Polk officials are already hard at work addressing the issues that stemmed from the adoption of the new county pay scale, and while many employees saw increased wages because of the update, the personnel committee heard numerous delegations from workers who took issue with it.

Though not all were present, approximately 13 people were slated to speak during the October 30 meeting. Many of the speakers, such as Sheriff Johnny Moats, were present to speak of the issues affecting their employees, so the number of workers who feel negatively impacted is not necessarily limited to those 13 individuals.

The Carl Vinson Institute of Government at the University of Georgia, an entity that performs regular pay studies across Georgia, was responsible for generating updated job descriptions, placing jobs on a pay scale based on their requirements and market trends, and performing other tasks to ensure Polk’s wages were sufficient enough to compete for employees with neighboring counties.

The study seems to have worked well for new employees, but many long-time county staffers feel that they’re not being compensated as well as they should be. In some cases, new hires are making nearly the same amount as their much more experienced counterparts because of the way time and position are factored into wages.

“Time and position has really hurt a lot of my senior people,” 911 Director Crystal Vincent said. “My supervisors and anybody that’s had more than 10 to 15 years of service, they’re saying that they’re not compensated for their time. They’re saying the compression is too close. I’ve got a new employee. She was just hired, and she’s not even fully certified yet. She was hired in, she got this raise, and she gets the shift differential because she’s working the night shift. Now, she’s making too close to somebody that’s had three or four years.”

Issues like this were the most recurring between each speaker. Delegates from the tax assessors office, the police departments, and the public works department, among others, came to highlight how some of their employees were affected or to ask questions about it.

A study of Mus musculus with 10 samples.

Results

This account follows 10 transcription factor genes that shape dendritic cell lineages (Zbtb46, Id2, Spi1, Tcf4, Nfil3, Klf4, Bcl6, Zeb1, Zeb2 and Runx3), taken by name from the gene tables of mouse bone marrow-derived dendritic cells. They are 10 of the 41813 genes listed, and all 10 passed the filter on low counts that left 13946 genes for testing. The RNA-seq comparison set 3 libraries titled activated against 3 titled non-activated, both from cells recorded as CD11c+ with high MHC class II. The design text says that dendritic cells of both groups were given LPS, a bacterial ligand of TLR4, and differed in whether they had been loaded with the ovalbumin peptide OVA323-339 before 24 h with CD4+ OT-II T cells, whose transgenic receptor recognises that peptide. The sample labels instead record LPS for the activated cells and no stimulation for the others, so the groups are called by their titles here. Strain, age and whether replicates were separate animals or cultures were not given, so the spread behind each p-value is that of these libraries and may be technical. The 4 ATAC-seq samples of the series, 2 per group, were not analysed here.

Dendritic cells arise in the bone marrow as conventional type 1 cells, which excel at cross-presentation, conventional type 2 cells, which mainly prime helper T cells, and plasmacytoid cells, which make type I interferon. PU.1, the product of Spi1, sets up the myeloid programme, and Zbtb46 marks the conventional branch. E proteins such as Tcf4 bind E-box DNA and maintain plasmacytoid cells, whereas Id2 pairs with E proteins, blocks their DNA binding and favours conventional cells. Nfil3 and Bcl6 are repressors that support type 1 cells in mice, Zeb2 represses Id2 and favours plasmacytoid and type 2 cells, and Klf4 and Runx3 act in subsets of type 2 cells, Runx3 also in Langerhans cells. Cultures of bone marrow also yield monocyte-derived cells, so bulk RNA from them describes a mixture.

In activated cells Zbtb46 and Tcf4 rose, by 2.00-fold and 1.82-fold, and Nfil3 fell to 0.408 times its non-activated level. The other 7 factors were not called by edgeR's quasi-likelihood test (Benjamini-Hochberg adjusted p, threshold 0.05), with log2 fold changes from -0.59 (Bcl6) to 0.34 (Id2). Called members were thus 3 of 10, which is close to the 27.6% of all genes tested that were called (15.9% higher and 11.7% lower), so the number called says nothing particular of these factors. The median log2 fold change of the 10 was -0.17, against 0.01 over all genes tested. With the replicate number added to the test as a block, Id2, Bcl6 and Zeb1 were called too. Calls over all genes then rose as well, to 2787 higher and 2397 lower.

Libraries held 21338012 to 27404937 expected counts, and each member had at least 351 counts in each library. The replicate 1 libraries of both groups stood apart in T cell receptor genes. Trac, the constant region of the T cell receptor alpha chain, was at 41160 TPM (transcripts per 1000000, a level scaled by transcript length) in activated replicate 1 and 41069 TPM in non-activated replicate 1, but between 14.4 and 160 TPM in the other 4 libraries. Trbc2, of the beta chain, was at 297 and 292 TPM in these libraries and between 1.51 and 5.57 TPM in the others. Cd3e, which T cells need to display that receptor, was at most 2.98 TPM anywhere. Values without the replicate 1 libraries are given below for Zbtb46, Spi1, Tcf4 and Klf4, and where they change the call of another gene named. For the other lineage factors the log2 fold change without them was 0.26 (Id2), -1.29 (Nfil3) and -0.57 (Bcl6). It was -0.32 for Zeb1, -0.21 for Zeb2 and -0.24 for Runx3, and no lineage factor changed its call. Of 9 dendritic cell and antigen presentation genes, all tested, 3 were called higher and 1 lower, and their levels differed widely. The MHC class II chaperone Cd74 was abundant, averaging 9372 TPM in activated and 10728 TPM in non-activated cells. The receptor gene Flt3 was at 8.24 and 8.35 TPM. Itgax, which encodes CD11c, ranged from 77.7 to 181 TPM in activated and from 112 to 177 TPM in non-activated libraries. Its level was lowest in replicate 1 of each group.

“The question that I’ve been asked is, (my employee) got a certain amount of credit for her time,” Polk County Public Works Director Michael Gravett started. “But when she quits and I hire someone new, I have the ability to pay that person more money than I can pay (my employee) now? Because she’s only got the credit she’s got, and if somebody comes in with 20 years of experience, I can put them up to the fourth or fifth step on the ladder.”

Simply put, the system allows new hires to receive credit for experience in ways that existing employees sometimes don’t get. County Chairperson Jennifer Hulsey and the others acknowledged this to be a problem, and the group plans to continue working out the issues in future meetings.

However, while it was the most common issue, time and position wasn’t the only topic of the day. Since the updated wages for each position are based off the job descriptions and not the employee working that job, it was reported that some workers were performing extra duties and receiving no additional compensation.

“I’ve got two employees — they’re both supervisors,” Vincent explained. “Both of them are TACS, which is the Terminal Agency Coordinator for our departments. They’re responsible for GCIC. They conduct all the audits so that we can keep the terminals in our department. That was not listed in the job description because it’s not a requirement for the supervisors or the dispatch. But you have to have one for the department. Actually, you need two so that you have a backup. So, it wasn’t listed in that job description and therefore there wasn’t any compensation for it.”

Each of the new job descriptions does include a notice that employees are responsible for any additional tasks they may be assigned, but without increased pay, workers have little incentive to perform extra duties like the TAC workers.

Other times, workers could receive the same amount of pay as an employee that has less responsibility than they do.

Incentive was also one of the topics spoken on during Polk County Police Chief Kenny Dodd’s delegation. He asked about offering increased pay steps to workers that complete training and receive certification in certain subject areas. While the pay increase would only be offered for those who complete important, lengthy training sessions, he felt it would offer a clear incentive for workers to increase their skill set and become even more valuable employees.

It’s a move that the personnel committee seemed interested in, and it will likely be discussed alongside the other issues brought up during the meeting. The delegations were held mostly to give the group an idea of what they needed to solve, so formal changes and fixes are being worked on now.

The study generated two new divisions of pay scale — one for employees who fall under administration, public works and other departments and one for public safety employees like those at the Sheriff’s Office.

Depending on experience, education and more the pay can range from $19,807 annually for a new hire with no experience, to upward of $167,885 for someone with more than 40 years of experience and the highest level of education attainable.

Public Safety’s pay scale falls in a similar range in an attempt to keep the county’s salary scale competitive with municipalities around the region.

So for instance, someone like County Manager Matt Denton’s pay would be in the range of $110,766 if he were a new hire, or that capped out salary of $167,883 if he was in the job for more than 40 years.

Constitutional officers like Moats on the other hand have set salaries and pay fees when they run for office based on a percentage of what they make annually.